Getting COSI with Talos
COSI, the Common Operating System Interface, is a project we are driving and announcing at Kubecon Europe. However, aspects of COSI will be given a sneak preview on this blog and in other places, and we are already engineering some of the benefits of COSI into Talos OS.
One big benefit is that Talos OS now runs the Kubernetes control plane as static pods managed by COSI. Why is this a good thing? You can read why here. With the Talos (COSI) managed control plane, even single control plane node clusters are now rock solid, and Kubernetes can be upgraded safely and simply. All your control plane configurations are managed declaratively, and COSI will drive the state continually to match the declared configurations.
Another benefit COSI brings is that Talos OS is now reactive on parts of the machine configuration: the Kubernetes control plane can be reconfigured without a reboot, and bad changes can be reverted back easily: https://talos.dev/docs/v0.9/guides/editing-machine-configuration…
Need for speed
Configuring Kubernetes is much faster with Talos OS 0.9 thanks to ECDSA keys replacing RSA keys. This improves all sorts of operations – the time to generate machine configuration files drops to about 0.1 seconds, from 6 seconds or so. The time to add a node to a cluster improves, and as for bootstrapping – Talos OS can go from zero to a running Kubernetes cluster in two and a half minutes! The speedup on bootstrap times is really noticeable on smaller platforms like @Raspberry_Pi. And yes, Talos 0.9 runs Kubernetes on SBCs as well.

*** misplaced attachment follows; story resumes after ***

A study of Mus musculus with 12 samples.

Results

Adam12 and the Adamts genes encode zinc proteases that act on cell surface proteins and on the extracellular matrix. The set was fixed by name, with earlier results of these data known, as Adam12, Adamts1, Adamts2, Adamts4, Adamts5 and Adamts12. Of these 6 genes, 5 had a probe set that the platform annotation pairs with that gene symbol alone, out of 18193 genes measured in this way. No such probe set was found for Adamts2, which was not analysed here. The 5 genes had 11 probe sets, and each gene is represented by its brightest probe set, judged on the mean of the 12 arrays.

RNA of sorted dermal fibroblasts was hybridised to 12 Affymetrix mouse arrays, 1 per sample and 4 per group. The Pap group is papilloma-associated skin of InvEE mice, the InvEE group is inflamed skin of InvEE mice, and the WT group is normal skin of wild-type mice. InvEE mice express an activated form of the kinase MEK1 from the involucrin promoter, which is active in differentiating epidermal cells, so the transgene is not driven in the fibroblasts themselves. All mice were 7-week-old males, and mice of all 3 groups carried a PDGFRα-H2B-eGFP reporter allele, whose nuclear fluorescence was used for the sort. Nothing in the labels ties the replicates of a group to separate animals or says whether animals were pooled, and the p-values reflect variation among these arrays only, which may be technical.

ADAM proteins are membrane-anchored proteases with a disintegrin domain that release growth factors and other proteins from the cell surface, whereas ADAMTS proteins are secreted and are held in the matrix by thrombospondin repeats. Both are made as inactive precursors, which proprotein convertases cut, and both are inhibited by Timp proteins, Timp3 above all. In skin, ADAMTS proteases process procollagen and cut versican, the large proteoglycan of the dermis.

Encrypt that disk
Want to encrypt all your Talos OS and Kubernetes runtime data on disk? The system disk can now be encrypted to protect against data leaks if disks are removed without being wiped. See the guide for Kubernetes disk encryption.
No load balancer required
Setting up Kubernetes correctly, securely, and robustly can be … tricky.
One of the pain points when building a high-availability controlplane is giving clients a single IP or URL at which they can reach any of the controlplane nodes. The most common approaches all require external resources: reverse proxy, load balancer, BGP, or DNS.
Talos OS now offers a “Virtual” IP address, providing high availability without requiring external resources, so long as the controlplane members share a layer 2 network. Now you can have a robust, high availability solution that can be simply configured within Talos OS itself. See the guide.
Keep those CVE’s away!
As always, Talos OS brings in the latest versions of components, so you get current bugfixes and security updates, in a timely manner: Linux 5.10.19, Kubernetes 1.20.5, etcd 3.4.15, containerd 1.4.4.